Days 17, 18 and 19 - Calzadilla de la Cueza, Sahagun, and El Burgo Ranero

SPAIN | Saturday, 16 June 2018 | Views [275]

Leaving the huge monastery converted into Hotel Real Monasterio del Zoilo in Carrion de Los Condes. Not a seamless transition from monastery to hotel, but really interesting, nonetheless. Construction on the monastery began in 1047.

 These pilgrims were feeling a bit stiff as they arrived at the Monastario... You're wondering which ones, right?

 

 There are a number of these stone or concrete cross monuments along the trail and throughout the towns along the Way. Face of the Monasterio/hotel.

  

This enterprising senor provides straggling pilgrims rides on the Camino trail from Carrion de Los Condes to Calzadilla -- 17 km (about 10.5 miles) for only 12 Euros! This stretch of the Camino has no villages, cafes or bathrooms. We saw the cart go past us full of passengers while we were obeying the important sign below at the tilt-up cafe.

This pilgrim from Milwaukee was sporting solar panels on her backpack to power her (annoying) radio. We hustled past her. To the right below is Jeff's favorite sign so far. This was posted on several trees at the single refreshment site on a long seven-mile stretch of trail--that had no facilities! The trees just past this makeshift cafe were getting lots of "watering."

 

We stopped here on the outskirts of Calzadilla de la Cueza for lunch before going to our hotel. Jeff's mantra, where there are cops, there must be donuts! There were donuts, but instead we had the best dish of paella ever! Yummy rice with saffron, shrimp, sausage, peppers and more! Still having our best meals in these roadside or trailside cafes. Our hotel host was a truly engaging gentleman who proudly displays his seven Compostela certificates. He has walked the Camino de Santiago seven times between 1998 and 2017. Wow. He was a very congenial hotelier.

 

We leave Calzadilla for Sahagun and as we cross the Rio de la Cueza we enter Tarradillos de los Templarios. In the 13th century the church here belonged to the Knights Templar, protectors of the pilgrims en route to Santiago de Compostela. Jacques de Molay in the mosaic sign below, the grand master of the Templars was arrested on a Friday the 13th in 1307, on what are said to be trumped-up political charges and burned at the stake. It is suggested that this may be the origin of the superstition about Friday the 13th (Dintaman & Landes, 2017).

 

 The weather is improving every day now, but there's still a bit of mud to negotiate.

Still not sure what happens to the pilgrims that belog to all the boots we see along the way... This one saved his shoelaces. Hmmm.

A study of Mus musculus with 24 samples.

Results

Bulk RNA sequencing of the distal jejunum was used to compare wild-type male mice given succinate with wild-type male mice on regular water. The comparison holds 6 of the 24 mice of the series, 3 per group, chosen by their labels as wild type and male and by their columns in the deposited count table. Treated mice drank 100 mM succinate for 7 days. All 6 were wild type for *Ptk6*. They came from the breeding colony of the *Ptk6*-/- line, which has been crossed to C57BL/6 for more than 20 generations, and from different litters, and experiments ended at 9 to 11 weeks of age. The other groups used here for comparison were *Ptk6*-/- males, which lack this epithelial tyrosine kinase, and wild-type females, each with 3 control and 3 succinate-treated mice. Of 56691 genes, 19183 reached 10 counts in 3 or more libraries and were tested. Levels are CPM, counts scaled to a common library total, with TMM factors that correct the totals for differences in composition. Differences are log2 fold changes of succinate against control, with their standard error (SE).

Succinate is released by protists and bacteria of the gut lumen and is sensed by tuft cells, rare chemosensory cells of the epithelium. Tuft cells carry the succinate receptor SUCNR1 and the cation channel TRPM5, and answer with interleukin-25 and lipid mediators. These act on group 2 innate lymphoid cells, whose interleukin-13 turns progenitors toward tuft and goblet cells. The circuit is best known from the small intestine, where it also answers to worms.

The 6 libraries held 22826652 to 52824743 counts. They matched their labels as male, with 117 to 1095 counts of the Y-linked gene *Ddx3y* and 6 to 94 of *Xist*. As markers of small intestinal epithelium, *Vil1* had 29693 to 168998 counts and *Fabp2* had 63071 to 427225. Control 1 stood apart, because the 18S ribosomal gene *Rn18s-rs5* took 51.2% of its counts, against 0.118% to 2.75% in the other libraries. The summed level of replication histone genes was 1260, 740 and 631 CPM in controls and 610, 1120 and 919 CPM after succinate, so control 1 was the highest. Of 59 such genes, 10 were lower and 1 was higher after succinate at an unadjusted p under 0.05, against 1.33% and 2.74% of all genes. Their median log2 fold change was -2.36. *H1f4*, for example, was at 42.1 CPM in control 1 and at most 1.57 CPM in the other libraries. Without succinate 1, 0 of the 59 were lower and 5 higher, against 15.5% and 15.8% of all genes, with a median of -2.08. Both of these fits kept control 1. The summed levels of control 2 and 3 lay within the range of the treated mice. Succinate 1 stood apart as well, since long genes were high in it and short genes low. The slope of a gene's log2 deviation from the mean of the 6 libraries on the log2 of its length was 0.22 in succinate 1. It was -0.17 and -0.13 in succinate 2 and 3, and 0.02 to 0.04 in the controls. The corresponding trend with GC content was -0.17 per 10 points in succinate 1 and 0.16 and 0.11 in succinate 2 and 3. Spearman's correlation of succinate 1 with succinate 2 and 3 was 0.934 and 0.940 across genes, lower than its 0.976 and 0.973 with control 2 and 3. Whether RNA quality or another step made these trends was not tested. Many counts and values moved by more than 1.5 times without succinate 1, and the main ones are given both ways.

This large Albergue (hostel) in Moratinos, population 68, had a Canadian flag flying so of course we stopped to visit and have some refreshment.

 Trees with sweaters in Moratinos! No idea...

 

 About 1.5 miles out of Sahagun this ancient bridge leads us to the Church - Ermita Virgende del Puente. This church and the city of Sahagun are protected by the two large Templar statues you can see below.

 

Us with our protectors the Templars. There's a second Templar opposite this one, but he's bashful (in the shade and not as photogenic).

 

Jeff kept trying to strike up a conversation with this pilgrom, in Sahagun, but even he couldn't get the guy to talk. Jeff was so disappointed (not!) that we were just a week too early for him to participate in the bull fight activities in Sahagun. While we were walking through town, workers were constructing the corral fences through the busniess district of town in which local men will "run" several unhappy half-ton bulls up to the Plaza de Toros de Granada bullfighting ring. They do this six times during the fiesta honoring St. Juan of Sahagun.

 

 Cast of pilgrim soles leaving Sahagun, population 2,625.

 

Leaving Sahagun we crossed the Rio Cea over the Puente Canto, the "singing bridge." Jeff chose Willy Nelson's "On The Road Again" as his bridge song today. The path now follows a beautiful line of popular trees which provide shade now that we're seeing some sun. Eventually, the popular trees are replaced with maple trees.

This former pilgrim hospital, "Our Lady of the Pear Trees," is just east of Bercianos de Real Camino. That doesn't look like a pear tree to me... We contunue along our maple tree-lined path to Burgo del Ranero where we will stay for the night.